Information gathered helps determine whether a horse's embryo is likely to survive.
January 1, 0001
From The American Quarter Horse Journal By Dr. Patrick M. McCue
Embryos are routinely evaluated after collection and prior to transfer into a recipient mare. The evaluation usually takes only a few moments to perform and can provide valuable information as to the probability that a given embryo will survive after transfer. A variety of embryo characteristics are examined including developmental stage, size, shape, color and the number and compactness of cells. An embryo is then given a numeric grade based on the observed characteristics.
Developmental Stage Generally, an embryo's development is directly related to its age. The development of an equine embryo increases each day after ovulation.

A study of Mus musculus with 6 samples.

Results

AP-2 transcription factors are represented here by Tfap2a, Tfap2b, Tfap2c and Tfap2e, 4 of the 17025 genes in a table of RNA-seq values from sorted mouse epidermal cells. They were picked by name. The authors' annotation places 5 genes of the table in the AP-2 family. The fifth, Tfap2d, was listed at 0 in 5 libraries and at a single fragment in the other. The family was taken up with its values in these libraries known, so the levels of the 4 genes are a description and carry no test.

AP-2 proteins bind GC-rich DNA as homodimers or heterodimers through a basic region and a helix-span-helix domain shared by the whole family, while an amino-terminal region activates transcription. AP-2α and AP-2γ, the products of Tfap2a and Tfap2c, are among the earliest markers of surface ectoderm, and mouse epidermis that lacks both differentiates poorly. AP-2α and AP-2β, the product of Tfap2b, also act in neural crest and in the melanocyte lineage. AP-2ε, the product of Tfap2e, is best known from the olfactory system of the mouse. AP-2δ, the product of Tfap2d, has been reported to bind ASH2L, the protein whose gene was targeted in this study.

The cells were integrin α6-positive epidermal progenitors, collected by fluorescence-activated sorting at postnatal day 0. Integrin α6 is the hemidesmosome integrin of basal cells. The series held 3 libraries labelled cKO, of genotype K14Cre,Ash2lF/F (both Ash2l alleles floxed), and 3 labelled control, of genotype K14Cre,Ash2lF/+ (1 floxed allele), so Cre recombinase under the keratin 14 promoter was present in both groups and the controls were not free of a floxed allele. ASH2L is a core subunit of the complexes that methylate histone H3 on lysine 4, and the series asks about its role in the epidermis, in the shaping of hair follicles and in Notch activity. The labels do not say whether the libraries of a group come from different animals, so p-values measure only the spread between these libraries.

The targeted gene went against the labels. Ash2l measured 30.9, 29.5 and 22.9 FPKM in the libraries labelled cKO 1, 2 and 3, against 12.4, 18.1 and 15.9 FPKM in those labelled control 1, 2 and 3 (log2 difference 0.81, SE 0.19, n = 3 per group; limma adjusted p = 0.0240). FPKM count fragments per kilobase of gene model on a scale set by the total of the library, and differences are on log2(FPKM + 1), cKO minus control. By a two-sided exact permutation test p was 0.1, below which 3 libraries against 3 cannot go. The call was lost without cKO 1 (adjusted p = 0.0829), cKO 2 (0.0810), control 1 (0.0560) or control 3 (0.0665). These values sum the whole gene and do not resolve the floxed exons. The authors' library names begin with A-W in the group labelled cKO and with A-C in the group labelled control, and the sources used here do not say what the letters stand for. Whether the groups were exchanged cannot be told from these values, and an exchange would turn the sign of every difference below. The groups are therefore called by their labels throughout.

During assessment, embryos can sometimes be confused with unfertilized oocytes. Though oocytes typically stay within the oviduct, they are occasionally recovered during an embryo flush. The easiest way to tell them apart is that an embryo is spherical and can roll across the bottom of a Petri dish while examined, while an unfertilized oocyte is flat and cannot roll. Pregnancy rates in recipient mares are correlated with the grade or quality score of the embryo prior to transfer. Grade 1 and 2 embryos have approximately the same transfer success rate, whereas Grade 3 and 4 embryos have significantly lower initial pregnancy rates after transfer and a higher incidence of embryonic loss if a pregnancy is initially established.
How many foals are mares typically having through the use of embryo transfer under the multiple foals rule? According to AQHA registration records, there have been 6,213* sets of multiple foals born, all foaling years combined (a mare is counted for each set of multiple foals she produced). In that number, there were:
- 4,830 sets of two foals
- 1,067 sets of three
- 253 sets of four
- 47 sets of five
- 11 sets of six
- 4 sets of seven
- 1 set of nine foals
Those 6,213 sets represent 14,251 registered foals, or an average of 2.29 foals per set. *These numbers are as of February 5, 2009.